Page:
Call them banking baristas. ING Direct is using coffee cafes to peddle its virtual banking experience.
Modeled after its high-tech cafes in Chicago and St. Cloud, Minn., the financial institution is opening a new midtown New York location as well as a Honolulu operation by year’s end.
The Chicago experience lures pedestrians inside with seven 32-inch LCD screens hanging in the window. The brand’s signature lion and orange ball flash on the units along with “pursuit of happiness” and a convertible car that drives from one screen to the next.
Inside the cafe, there is a spherical dome with touch screens that visitors interact with to play content about financial products on three plasma screens. There are “amphitheaters” where patrons can attend financial seminars, surf the Web and buy pastries, Pete’s coffee and branded merchandise from servers who also answer questions about mortgages and interest rates.
“It’s a very high energy, upbeat experience, unlike any bank branch anyone has ever been in,” said Brian Myres, head of sales for ING Direct USA, Wilmington, Del. “It’s not meant to look or feel like a bank branch; it’s meant to be a brand experience and that’s what it is.”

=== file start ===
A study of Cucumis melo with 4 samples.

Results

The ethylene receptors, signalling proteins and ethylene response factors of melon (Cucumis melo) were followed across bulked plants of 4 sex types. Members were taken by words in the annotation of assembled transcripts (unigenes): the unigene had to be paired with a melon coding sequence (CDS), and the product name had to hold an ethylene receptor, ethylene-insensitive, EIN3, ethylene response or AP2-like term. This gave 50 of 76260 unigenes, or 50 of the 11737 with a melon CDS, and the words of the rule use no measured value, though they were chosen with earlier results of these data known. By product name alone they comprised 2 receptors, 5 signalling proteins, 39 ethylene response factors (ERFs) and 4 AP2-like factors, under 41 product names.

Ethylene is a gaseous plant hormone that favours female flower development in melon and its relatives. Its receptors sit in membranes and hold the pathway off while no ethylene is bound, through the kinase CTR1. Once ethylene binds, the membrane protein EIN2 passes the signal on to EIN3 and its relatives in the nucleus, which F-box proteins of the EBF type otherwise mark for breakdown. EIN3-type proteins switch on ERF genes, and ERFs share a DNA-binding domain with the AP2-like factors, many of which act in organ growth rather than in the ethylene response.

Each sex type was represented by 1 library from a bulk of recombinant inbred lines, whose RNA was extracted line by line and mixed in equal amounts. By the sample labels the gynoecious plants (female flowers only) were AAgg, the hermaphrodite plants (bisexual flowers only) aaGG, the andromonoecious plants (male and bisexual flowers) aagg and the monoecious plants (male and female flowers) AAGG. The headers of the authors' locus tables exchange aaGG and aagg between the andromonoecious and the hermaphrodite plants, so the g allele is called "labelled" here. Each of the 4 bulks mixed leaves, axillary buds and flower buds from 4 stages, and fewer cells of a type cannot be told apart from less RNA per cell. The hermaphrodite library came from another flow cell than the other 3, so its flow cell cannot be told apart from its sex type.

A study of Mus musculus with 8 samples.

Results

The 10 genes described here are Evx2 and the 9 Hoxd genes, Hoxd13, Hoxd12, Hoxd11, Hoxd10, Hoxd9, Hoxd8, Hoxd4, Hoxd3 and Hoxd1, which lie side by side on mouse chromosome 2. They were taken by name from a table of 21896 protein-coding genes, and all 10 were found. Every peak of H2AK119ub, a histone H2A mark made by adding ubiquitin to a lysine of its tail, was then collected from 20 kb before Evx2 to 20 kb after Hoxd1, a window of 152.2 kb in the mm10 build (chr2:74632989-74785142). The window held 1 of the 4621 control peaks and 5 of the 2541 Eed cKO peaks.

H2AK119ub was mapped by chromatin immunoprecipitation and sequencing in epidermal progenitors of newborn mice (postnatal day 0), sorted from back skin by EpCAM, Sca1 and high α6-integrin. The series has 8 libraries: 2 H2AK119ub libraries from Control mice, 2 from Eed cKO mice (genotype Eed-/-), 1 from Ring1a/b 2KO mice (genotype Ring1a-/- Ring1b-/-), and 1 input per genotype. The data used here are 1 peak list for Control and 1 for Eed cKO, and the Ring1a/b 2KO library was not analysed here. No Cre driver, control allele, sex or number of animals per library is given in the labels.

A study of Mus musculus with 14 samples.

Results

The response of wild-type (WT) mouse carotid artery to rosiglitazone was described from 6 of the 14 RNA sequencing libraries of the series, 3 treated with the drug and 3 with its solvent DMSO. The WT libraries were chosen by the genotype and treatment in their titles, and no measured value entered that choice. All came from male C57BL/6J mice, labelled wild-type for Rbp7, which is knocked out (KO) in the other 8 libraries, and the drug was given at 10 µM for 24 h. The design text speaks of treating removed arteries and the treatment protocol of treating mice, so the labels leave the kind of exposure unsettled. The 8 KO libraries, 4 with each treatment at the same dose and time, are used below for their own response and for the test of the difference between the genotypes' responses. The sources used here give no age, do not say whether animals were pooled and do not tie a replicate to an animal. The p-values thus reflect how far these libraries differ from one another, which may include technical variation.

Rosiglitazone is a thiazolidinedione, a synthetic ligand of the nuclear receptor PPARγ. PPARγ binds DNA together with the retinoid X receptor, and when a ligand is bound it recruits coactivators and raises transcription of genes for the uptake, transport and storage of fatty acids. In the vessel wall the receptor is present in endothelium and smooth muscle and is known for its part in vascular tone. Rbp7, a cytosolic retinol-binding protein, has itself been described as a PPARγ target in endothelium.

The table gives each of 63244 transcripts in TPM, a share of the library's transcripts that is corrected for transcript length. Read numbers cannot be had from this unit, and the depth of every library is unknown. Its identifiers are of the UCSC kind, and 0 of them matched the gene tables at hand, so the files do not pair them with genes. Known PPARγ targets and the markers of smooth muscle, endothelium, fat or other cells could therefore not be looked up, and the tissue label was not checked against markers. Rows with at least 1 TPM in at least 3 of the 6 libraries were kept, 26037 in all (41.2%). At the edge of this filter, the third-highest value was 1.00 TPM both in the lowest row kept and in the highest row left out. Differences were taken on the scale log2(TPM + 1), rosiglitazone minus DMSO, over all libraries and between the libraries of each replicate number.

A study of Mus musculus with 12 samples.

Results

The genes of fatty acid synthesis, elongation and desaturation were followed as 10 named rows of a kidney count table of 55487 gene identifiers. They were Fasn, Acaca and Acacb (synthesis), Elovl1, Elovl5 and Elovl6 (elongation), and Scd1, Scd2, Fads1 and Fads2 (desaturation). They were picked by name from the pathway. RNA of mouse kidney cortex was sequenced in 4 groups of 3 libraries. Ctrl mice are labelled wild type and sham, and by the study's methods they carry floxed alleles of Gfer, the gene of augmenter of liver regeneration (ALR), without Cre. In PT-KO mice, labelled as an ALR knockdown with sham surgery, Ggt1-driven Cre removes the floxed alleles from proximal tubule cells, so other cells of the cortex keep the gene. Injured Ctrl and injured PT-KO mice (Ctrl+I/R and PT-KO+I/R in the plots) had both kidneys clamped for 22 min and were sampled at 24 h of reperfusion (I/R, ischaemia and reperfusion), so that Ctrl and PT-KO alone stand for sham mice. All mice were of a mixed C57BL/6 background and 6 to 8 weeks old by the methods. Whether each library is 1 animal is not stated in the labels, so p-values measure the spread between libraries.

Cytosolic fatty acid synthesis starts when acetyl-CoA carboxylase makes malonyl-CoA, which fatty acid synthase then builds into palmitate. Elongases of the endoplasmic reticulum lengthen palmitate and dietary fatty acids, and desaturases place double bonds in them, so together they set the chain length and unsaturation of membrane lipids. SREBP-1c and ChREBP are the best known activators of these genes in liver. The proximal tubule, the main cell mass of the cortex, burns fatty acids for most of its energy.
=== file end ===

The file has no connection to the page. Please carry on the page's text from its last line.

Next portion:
ING also has cafes in Los Angeles, Philadelphia and Wilmington. While ING Direct isn’t about to build a huge stable of cafes across the country, it sees the cafes as a way to deliver a high-tech message to its target audience in major markets.
“They’re all performing very nicely. From a banking perspective, they’re all generating more business than a traditional branch would,” said Myres. “I’ve been a banker for many years and I’d be very pleased with the business they generate. But the big thing is they really solidify the brand in major markets where people are wondering who is the ING Direct.”
Rise Vision, Toronto, provides the software and content for four of the ING cafes.
The ING Direct cafes are another example of the growing popularity of digital signage. Out-of-home video advertising network spending in the U.S. reached $1.28 billion during 2007 and is projected to reach $3.22 billion by 2011, per the Digital Signage Expo.